NEW YORK (CNN/Money) -
Federal regulators are investigating a former employee's allegations of false record-keeping at a Johnson & Johnson plant that makes an anemia drug linked to serious side effects, the drugmaker said Friday.
Shares of Johnson & Johnson (JNJ: down $7.88 to $41.85, Research, Estimates) closed 16 percent lower in trading Friday following the report, making it the biggest loser within the Dow Jones industrial average. The drop in J&J stock helped push the Dow below its post-Sept. 11 low.
The New Brunswick, N.J.-based company is also under a criminal investigation by the Department of Justice, the New York Times reported Friday, although Johnson & Johnson did not confirm any DOJ probe into activities at the Puerto Rico plant.
J&J's losses were the latest problems for the drug sector, which has been under siege amid pressure to lower prices even as the industry faces competition from generic drug makers taking advantage of patent expirations.
In a statement Friday, Johnson & Johnson acknowledged that the Food and Drug Administration is investigating allegations made in a civil suit filed by a former employee who worked at the company's Ortho Biologics manufacturing facility in Manati, Puerto Rico.
In the suit, the employee claims that Johnson & Johnson failed to properly complete equipment records and that his supervisors repeatedly directed him to falsify records between 1996 and 1998, according to the company's statement. The suit implies those actions led to side effects in the company's anemia drug, Eprex, which is made at the plant.
"After a thorough investigation of all the allegations, the company found no corroboration of the allegations," the company said in its statement, adding that it intends to fully cooperate with the FDA.
"We are unaware of the precise nature of the FDA's interest, but are taking the matter with the utmost seriousness," the company said. "We remain confident that the allegations in the lawsuit would not have affected product integrity at the manufacturing plant. The company intends to vigorously defend against the lawsuit brought by the former employee."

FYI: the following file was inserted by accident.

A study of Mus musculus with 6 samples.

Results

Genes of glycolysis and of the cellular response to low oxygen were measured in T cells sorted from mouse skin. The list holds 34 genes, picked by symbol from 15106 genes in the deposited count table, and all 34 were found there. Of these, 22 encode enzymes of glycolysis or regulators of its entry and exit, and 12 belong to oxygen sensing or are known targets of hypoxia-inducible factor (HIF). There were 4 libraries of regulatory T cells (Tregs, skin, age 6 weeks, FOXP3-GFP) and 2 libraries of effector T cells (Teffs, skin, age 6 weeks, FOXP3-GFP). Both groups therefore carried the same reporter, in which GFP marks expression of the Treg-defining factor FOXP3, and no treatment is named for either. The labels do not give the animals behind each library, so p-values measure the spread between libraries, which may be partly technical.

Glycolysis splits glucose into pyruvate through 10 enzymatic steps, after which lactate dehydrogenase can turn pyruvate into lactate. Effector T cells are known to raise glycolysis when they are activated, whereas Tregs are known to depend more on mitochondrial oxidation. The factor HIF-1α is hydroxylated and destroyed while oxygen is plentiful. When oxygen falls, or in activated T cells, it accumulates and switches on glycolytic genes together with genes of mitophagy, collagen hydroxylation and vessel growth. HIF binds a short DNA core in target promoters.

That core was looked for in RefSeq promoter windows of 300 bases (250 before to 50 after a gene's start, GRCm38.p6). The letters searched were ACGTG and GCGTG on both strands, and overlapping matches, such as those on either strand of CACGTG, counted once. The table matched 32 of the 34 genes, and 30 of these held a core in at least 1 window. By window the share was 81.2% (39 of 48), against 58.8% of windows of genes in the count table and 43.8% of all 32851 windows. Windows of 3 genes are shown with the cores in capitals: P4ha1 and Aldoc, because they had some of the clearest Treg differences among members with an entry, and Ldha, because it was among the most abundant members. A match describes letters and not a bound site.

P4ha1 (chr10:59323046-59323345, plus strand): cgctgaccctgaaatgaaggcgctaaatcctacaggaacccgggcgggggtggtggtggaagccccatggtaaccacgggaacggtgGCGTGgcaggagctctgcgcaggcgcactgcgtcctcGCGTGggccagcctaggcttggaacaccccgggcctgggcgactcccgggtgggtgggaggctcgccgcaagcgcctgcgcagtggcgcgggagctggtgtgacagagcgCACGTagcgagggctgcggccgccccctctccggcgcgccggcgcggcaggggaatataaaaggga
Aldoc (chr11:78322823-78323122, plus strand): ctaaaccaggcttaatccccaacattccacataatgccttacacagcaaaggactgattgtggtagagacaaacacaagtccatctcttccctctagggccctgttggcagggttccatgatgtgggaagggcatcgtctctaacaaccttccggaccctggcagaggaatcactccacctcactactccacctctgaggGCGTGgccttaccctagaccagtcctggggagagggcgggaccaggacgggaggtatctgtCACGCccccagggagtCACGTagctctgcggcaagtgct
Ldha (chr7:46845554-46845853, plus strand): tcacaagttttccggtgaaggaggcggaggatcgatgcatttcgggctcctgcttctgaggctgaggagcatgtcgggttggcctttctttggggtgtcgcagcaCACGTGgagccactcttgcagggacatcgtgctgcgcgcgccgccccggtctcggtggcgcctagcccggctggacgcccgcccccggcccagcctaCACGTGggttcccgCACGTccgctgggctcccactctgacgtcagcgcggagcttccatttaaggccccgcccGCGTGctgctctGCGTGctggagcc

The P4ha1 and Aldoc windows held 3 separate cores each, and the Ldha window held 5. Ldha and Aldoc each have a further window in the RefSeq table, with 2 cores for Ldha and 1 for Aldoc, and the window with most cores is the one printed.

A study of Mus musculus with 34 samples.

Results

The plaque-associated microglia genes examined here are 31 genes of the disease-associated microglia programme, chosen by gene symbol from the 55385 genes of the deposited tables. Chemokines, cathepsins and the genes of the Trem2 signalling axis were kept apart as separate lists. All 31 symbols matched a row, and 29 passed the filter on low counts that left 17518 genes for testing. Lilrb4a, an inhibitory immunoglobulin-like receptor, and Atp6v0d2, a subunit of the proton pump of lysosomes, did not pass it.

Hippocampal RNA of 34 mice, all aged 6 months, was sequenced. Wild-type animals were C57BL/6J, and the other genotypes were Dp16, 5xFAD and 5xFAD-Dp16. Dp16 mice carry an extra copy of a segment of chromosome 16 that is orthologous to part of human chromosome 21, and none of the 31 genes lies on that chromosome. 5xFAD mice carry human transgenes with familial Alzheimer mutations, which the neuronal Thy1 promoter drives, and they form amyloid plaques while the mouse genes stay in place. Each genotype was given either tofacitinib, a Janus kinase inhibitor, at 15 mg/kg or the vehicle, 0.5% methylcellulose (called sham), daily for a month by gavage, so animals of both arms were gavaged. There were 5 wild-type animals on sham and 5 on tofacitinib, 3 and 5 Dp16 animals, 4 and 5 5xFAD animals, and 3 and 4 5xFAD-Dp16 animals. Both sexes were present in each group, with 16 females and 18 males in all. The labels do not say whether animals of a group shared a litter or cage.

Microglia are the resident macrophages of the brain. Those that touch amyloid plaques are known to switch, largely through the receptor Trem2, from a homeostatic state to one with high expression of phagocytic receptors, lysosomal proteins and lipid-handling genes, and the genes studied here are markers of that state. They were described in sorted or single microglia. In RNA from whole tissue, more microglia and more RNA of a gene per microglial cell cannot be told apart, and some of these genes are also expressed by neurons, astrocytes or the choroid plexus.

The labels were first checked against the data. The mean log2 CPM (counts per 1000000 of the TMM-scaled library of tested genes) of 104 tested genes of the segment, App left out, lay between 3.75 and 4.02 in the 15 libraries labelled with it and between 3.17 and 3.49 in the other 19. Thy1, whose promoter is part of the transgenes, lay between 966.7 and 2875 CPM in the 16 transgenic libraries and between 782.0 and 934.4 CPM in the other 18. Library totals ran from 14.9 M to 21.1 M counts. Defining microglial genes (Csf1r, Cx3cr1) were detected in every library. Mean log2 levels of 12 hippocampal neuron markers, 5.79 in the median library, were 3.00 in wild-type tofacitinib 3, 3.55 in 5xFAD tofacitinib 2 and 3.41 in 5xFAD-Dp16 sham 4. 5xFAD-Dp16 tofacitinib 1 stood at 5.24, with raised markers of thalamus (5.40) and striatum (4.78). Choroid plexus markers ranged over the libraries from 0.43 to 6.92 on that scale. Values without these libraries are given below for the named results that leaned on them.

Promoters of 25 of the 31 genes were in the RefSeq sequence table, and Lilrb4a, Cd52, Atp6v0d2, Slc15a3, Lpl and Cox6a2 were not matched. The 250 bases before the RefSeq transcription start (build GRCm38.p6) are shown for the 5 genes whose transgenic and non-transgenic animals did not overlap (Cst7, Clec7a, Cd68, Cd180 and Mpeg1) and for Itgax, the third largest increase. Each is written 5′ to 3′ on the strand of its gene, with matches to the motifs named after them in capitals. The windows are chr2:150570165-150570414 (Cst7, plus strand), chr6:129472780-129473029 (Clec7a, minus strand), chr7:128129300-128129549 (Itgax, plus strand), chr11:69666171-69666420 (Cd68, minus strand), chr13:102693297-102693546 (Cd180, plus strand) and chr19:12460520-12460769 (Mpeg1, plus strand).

The FDA would say nothing about the probe. "Our position is we don't confirm or deny any investigations," FDA spokeswoman Monica Revelle said.
Daniel T. Lemaitre, who covers J&J for Merrill Lynch, said the Puerto Rico plant cited in the allegations has been under major scrutiny due to side effects from the anemia drug Eprex made there.
In the side effect, pure red cell aplasia, anemia patients lose the ability to produce red blood cells, leaving them dependent on blood transfusions to survive. It reportedly has affected 141 people in Europe and Canada.
"Based on the investigation, there is no connection between the allegations of the former employee and the occurrence of PRCA. The active investigations of PRCA have included thorough investigation by Johnson & Johnson as well as the FDA and French health authorities representing the European Union," the company said.
Johnson & Johnson said the Ortho Biologics plant underwent a two-week FDA inspection in October, 2001, stemming from cases of immunogenicity associated with Eprex. The inspection resulted in "minor observations," the company said.
In June, the French health authority conducted a four-day investigation that also turned up just "minor observations," all of which have been addressed, the company said.
Lemaitre expressed confidence in the company, yet downgraded the stock Friday.
"While we suspect little, if anything, will stem from this investigation, JNJ may be vulnerable since it still commands a 20 percent premium to the S&P 500 and its medical technology and medical device peers," Lemaitre told clients. He downgraded JNJ to "buy" from "strong buy."
Eprex is expected to see $1.3 billion in 2002 sales , or 4 percent of company sales, Lemaitre said.
The employee who filed the lawsuit, Hector Arce, alleges he was pressured to fill out records improperly, including an incident when he wrote in a log book that an alarm on the boiler he operated went off, indicating carbon dioxide and the acidity of the fermentation process were outside specifications, the Times reported Friday.
Arce claims a supervisor reprimanded him for logging the activation of the alarm and removed the page from the records, the paper reported.
J&J was the second-most actively traded issue on the New York Stock Exchange Friday; more than 50 million shares changed hands.
Drug stocks, among the best performers of the late 1990s, have been tumbling this year. Questions of how the companies will handle upcoming patent expirations have dogged the industry, which is also under pressure to stem the rising costs of medications.
Accounting questions haven't helped. The Securities and Exchange Commission has been informally investigating Bristol-Myers Squibb's sales practices. And Merck earlier this month said it recorded $14 billion in revenue that it never actually collected.